Patterns, blending, disguise and mimicry are among the many ways an animal can camouflage itself. Lessons on the topic teach kids how animals use camouflage to foil predators or surprise prey. The activities give students a chance to recognize different types of camouflage and create their own versions.

Types of Camouflage

Two zebras in the wild.
Two zebras in the wild.

Introduce the idea of camouflage by discussing the different ways animals hide in the environment. Blending happens when an animal's color is similar to that of its habitat, such as a polar bear's white fur against the snow. Animals that look like an object in the habitat, such as the walking stick insect, use disguise. Mimicry is when animals have coloring or features that make them look like a more dangerous creature. Other animals, such as zebras, have patterns that make them difficult to track. Provide examples of each type of camouflage. Have kids sort the animal pictures into four piles to show which type of camouflage each uses.

Camouflage Experiments

A polar bear and her cubs walking through snow.
A polar bear and her cubs walking through snow.

To better understand camouflage, let the kids play around with objects. Head outdoors and use the grass as the background. In one exercise, students gather several small objects -- such as buttons or ribbons -- that come in different colors. Students predict and test the objects to see which colors blend in best with the grass. Try the experiment on other surfaces, such as sand or dirt, to see if the answers change. For an indoor activity, use pictures of habitats and separate pictures of animals. The kids place the animal pictures on different habitats to see how they fit in. A polar bear will blend in with a picture of a polar habitat, but it will stand out against the colors in a forest, for example. A variation is to hide animals in the classroom that blend in with the classroom. You might hang a polar bear cutout on the whiteboard or a cutout of a walking stick on a classroom plant. Challenge students to spot as many of the camouflaged animals as possible.

Mimicry and Pattern Explorations

Viceroy butterfly with wings spread open.
Viceroy butterfly with wings spread open.

Instead of helping the animal hide amid its surroundings, mimicry makes an animal look more dangerous than it is. An example is the viceroy butterfly. While not toxic, it looks much like the Monarch butterfly, which is toxic when eaten. Other animals, including some butterflies, fish and reptiles, have spots that look like large eyes to trick predators. Show pictures of mimicry, as well as animals with patterns that make them difficult to see. Give the kids a chance to create their own animals that use mimicry or patterning to stay safe. Provide a template of a butterfly, snake, fish or other animal. Kids should decorate the template to make it look like a dangerous animal or with patterns that would make it difficult to track. They can model the templates after real animals or create their own species.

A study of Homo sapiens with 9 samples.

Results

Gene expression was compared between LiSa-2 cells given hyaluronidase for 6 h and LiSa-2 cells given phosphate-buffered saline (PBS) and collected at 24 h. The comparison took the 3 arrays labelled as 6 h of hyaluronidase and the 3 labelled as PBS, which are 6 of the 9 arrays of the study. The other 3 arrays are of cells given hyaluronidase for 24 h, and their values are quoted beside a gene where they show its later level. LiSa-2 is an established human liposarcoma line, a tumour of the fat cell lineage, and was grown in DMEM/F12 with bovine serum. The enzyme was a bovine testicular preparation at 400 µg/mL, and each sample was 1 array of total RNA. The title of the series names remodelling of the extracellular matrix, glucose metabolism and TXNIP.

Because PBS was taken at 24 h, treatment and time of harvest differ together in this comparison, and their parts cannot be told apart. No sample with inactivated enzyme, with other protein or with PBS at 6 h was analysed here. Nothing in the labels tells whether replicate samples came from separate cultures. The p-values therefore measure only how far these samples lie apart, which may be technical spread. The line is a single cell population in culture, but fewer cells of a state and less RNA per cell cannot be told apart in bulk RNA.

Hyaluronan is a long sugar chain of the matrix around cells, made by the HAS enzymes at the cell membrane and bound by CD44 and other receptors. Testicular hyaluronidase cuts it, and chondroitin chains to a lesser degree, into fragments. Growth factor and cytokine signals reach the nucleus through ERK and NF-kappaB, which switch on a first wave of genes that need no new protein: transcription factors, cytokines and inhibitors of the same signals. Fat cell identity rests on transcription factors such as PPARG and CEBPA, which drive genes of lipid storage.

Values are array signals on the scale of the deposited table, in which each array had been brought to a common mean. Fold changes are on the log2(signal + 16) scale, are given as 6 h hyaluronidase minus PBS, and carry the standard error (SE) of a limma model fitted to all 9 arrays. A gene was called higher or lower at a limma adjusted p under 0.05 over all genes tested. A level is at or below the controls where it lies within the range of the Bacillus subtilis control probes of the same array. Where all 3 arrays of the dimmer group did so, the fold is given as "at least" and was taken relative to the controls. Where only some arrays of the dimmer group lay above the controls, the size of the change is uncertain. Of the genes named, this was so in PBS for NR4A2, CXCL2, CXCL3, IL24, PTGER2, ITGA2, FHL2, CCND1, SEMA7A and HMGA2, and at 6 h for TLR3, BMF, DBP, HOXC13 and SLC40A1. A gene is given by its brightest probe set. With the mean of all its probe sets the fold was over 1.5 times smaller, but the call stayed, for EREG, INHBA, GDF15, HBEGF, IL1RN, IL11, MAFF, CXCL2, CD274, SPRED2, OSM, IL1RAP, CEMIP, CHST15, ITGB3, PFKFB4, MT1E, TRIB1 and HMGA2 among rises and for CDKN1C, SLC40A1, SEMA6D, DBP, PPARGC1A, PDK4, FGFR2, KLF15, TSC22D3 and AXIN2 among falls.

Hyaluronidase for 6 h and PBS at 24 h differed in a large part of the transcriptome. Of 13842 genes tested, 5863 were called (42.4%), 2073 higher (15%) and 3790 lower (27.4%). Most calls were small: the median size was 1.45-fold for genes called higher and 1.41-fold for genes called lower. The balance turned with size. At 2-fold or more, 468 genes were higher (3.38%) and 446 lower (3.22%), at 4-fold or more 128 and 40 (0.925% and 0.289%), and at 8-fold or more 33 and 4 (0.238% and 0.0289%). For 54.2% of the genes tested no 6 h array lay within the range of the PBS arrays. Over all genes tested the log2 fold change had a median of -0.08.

Camouflage Artwork

Fish swimming by a coral reef.
Fish swimming by a coral reef.

Pull together what you've learned about camouflage in a creative project. Each student chooses a particular habitat, such as a desert, rain forest or ocean. Provide nonfiction books about different habitats for reference. The kids use construction paper to design the elements of the habitat. For an ocean habitat, the child might use blue paper as the background with various colors of coral. They also cut out animals that blend in with the environment using camouflage. An alternative is to start with one main animal as the focal point of the artwork. The kids then build the environment around the animal in the picture to illustrate the concept of camouflage.